If you played bass on both Eric Dolphy’s Out To Lunch and Van Morrison’s Astral Weeks, your legacy is going to be pretty much set. But if you’re Richard Davis, who passed away earlier this month at the age of 93, those are just two high points in a career full of lofty peaks. Davis could go as far out as necessary (he teamed up with fellow upright master Reggie Workman on Pharoah Sanders’ spiritual jazz epic “The Creator Has A Master Plan”) or add a little magic as an ace session player (did you know that he’s on Born To Run and There Goes Rhymin’ Simon?). To celebrate the bassist’s life and work, here are a handful of brilliant moments to check out. | t wilcox
Eric Dolphy + Richard Davis: “Come Sunday”: These two were a match made in heaven, as shown by this tender duo rendition of Duke Ellington’s stirring, gospel tinged “Come Sunday.” With Dolphy fluttering sweetly on bass clarinet and Davis bowing the melody, free-flowing but locked in, haunting and absolutely gorgeous.
Booker Ervin: “Bass-IX”: As its title suggests, Davis leads the way on “Bass-IX,” spurring his bandmates (including longtime Mingus pianist Jaki Byard) into some exciting territory. The bassist manages to be both rocksteady and exploratory all at once, giving everyone plenty of room to spread out over the course of a long, tasty jam.
Elvin Jones & Richard Davis: “Summertime”: The Heavy Sounds LP from 1967 places Elvin Jones and Davis in a variety of musical settings — but their version of “Summertime” features just the two of them in perfect union. Davis bows and plucks his bass beautifully, finding impressive resonances and textures in the instrument, while Jones muses mystically on his kit. Sounds don’t come much heavier.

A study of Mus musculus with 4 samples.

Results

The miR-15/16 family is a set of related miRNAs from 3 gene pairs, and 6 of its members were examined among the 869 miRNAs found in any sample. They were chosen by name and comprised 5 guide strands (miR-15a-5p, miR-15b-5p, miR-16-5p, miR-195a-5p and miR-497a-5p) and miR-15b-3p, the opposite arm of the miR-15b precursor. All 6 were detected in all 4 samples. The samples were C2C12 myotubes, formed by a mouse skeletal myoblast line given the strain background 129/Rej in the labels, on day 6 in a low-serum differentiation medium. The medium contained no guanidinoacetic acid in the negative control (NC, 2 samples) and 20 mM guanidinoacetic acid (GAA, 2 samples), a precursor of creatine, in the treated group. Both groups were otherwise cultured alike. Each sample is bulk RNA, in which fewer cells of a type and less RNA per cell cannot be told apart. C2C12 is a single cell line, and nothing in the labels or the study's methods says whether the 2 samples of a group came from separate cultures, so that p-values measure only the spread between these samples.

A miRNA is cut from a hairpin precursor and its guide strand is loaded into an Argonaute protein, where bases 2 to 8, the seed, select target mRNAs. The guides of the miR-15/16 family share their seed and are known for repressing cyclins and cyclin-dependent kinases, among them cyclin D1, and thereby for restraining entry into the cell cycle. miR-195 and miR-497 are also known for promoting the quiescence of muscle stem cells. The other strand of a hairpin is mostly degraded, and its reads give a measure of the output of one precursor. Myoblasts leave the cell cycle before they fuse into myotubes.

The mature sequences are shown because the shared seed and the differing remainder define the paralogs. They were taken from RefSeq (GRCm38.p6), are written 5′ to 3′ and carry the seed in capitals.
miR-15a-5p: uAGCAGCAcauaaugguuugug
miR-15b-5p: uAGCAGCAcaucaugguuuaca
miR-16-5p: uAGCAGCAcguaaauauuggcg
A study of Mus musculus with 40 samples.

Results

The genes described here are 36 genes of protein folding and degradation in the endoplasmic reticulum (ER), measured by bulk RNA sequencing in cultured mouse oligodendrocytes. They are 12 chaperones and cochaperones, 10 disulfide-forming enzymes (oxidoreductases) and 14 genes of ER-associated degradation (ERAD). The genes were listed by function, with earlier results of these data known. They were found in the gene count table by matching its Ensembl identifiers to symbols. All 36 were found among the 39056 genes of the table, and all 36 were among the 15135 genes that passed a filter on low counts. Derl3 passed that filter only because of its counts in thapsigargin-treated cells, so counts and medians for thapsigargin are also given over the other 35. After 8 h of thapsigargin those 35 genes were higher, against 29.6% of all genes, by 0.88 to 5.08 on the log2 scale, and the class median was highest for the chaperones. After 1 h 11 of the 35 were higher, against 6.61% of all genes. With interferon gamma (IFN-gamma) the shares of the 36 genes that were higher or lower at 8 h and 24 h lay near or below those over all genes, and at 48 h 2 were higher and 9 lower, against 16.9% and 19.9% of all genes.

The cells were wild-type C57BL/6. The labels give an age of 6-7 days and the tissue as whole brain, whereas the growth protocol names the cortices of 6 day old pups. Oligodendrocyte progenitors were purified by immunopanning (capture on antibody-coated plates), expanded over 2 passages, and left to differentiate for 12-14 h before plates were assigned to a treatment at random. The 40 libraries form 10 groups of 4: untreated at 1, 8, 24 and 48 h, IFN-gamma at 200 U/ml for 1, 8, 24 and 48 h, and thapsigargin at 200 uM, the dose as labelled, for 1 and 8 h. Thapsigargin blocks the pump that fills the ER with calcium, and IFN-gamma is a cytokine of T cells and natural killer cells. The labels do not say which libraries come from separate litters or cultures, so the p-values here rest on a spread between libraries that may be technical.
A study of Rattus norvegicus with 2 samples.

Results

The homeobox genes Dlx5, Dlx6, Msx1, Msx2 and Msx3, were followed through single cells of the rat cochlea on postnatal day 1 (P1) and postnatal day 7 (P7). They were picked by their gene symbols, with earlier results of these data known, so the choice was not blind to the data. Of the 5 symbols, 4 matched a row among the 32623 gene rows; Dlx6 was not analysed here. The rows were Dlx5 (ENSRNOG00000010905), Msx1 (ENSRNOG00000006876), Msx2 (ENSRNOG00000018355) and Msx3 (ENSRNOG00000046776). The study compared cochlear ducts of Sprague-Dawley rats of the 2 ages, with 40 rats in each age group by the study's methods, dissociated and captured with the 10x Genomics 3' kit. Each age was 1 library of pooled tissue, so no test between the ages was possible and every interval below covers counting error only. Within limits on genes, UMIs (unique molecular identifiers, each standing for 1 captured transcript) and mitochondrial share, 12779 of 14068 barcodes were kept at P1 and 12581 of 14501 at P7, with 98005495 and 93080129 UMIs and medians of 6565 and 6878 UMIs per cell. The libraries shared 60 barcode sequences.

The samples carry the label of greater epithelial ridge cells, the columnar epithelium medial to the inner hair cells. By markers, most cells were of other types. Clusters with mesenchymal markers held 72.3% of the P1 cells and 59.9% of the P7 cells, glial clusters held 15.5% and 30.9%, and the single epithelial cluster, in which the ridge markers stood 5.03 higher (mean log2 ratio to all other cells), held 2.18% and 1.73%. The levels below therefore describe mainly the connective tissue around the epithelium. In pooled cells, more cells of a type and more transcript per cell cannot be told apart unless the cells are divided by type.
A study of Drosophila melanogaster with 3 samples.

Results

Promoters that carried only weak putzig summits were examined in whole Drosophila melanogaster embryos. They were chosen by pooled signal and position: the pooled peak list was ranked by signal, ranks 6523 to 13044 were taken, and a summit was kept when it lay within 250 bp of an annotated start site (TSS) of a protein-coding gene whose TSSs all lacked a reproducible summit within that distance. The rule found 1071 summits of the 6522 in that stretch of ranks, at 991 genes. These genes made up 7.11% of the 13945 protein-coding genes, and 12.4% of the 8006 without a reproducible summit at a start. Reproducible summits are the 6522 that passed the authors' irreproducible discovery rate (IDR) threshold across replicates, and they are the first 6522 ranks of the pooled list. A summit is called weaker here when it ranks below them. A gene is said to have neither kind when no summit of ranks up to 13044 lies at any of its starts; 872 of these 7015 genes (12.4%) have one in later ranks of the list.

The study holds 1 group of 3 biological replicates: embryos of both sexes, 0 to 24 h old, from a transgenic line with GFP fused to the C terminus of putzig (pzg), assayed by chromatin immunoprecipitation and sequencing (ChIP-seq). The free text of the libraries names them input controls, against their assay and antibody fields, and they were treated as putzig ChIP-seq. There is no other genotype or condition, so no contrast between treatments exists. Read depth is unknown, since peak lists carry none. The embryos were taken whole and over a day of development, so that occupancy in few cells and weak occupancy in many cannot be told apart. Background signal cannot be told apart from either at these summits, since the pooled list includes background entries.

The Richard Davis Trio (featuring Jack DeJohnette & Joe Beck): “Song For Wounded Knee”: The deliciously laid-back title track to Davis’ politically motivated 1973 trio LP with drummer Jack DeJohnette and guitarist Joe Beck is a simple blues, but these three extravagantly talented musicians manage to make it sound completely fresh.
Archie Shepp & Richard Davis: “Round About Midnight”: One more duet, this one from Body And Soul, Davis’ excellent 1991 collab with tenor sax giant Archie Shepp. Over the course of 17 blissfully moody minutes, the pair explore every nook and cranny of Monk’s classic standard, discovering at every turn new directions to take the timeworn melody in. This one goes deep.